Alternative rock of the 2000s always used to be a reliable genre to listen to; it did not matter what emotions went through your head at the time. There was always a band or a song that you could listen to that accurately chronicled the events of your life line by line. Though most of the artists that found their home in this genre still exist, their styles have changed dramatically coming into the new decade.
Many bands who made valued alternative rock albums, during the 2000s, came in to 2010 and afterward a completely different band. Did old alternative rockdecline somewhere along the way? Did the listeners want a change? Whatever the cause may be, more and more groups have followed the status quo and changed the sounds of alternative rock forever.
Many all over the Internet have stated that alternative rock died before the 2000s, saying that the 1990s was the "golden age." Others have stated that the 1990s broke the camel's back, claiming the 1980s be deemed the height. Overall, I believe this is subject to what decade of alternative rock the person grew up with. Sure, I may have grown up with 2000s rock music, but I still do not ignore great classic bands like Pearl Jam and Third Eye Blind. Nonetheless, I prefer 2000s alternative rock because of the well-thought out lyrics in the songs, the unique sounds of the different bands, and the unique voices of some of the frontmen. The voice that always intrigued me the most was Claudio Sanchez from Coheed and Cambria. "Welcome Home," was such a unique song in the way it presented itself: the slower than average tempo and the use of string instruments to give it a more distinguished sound.
But nowadays, the genre of alternative rock has, in my opinion, split into two distinct runoffs: mainstream hard rock and electronic alternative rock. Both did exist prior to the turn of the decade, but they were more well known as subgenres of the father genre, alternative rock. Most bands, after 2010, began shaping their music towards one end of the spectrum or the other, leaving just a few bands in the middle who decidedto keep their old sound. Some of these "middle" bands include Green Day, Alberta Cross, and AFI just to name a few. Many of the rest have joined the status quo in picking a side. Old alternative favorites such as Sum 41 opted to travel the hard rock path. Although there are still traces of their old sound on their newest album Screaming Bloody Murder (2011), it is also a much harder sound than many are used to hearing from them. On the other hand, old legendary bands such as My Chemical Romance and Linkin Park dissapointed many of their fans, showing that they had turned towards electronic alternative rock. LInkin Park's newest album A Thousand Suns (2010) was especially dissapointing, as when listening, it seemed like they had forgotten everything that had made them one of the greatest bands still playing. Was it just an experiment or a permanent change? Many are hoping it was an experiment gone horribly wrong: that album has become the Frankenstein of their discography.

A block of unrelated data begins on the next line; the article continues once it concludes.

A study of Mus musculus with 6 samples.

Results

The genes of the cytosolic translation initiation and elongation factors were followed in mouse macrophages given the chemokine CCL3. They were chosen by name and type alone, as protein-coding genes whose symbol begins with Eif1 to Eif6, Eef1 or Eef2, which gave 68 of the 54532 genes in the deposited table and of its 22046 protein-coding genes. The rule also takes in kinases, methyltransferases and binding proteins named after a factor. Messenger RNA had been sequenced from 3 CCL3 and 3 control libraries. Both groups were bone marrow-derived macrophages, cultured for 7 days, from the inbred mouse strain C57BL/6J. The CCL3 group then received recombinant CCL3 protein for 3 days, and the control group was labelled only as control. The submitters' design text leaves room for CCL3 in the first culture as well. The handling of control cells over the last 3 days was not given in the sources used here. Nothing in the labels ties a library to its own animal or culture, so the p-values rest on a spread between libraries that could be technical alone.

Some may say I am overreacting... Some may say I have exagerated and embellished the truth, but just note, this is my opinion on the direction of alternative rock music. There is no right or wrong answer. I just took the time to write about this because too many of my favorite acts over the last few years have really dissapointed with the albums they have released. I am not against bands experimenting with their sound, but the trend is very hard to ignore. The trend is blatant! Alternative rock has completely changed! Maybe I am just bitter because I want a resurgence of the old regime. But for all that it is worth, I feel like alternative rock changed for the worst the moment 2010 came around. Nowadays, fishing for good, new alternative rock songs is tedious, takes a long time, and usually baits you nothing, but maybe one day, these bands will catch the answer.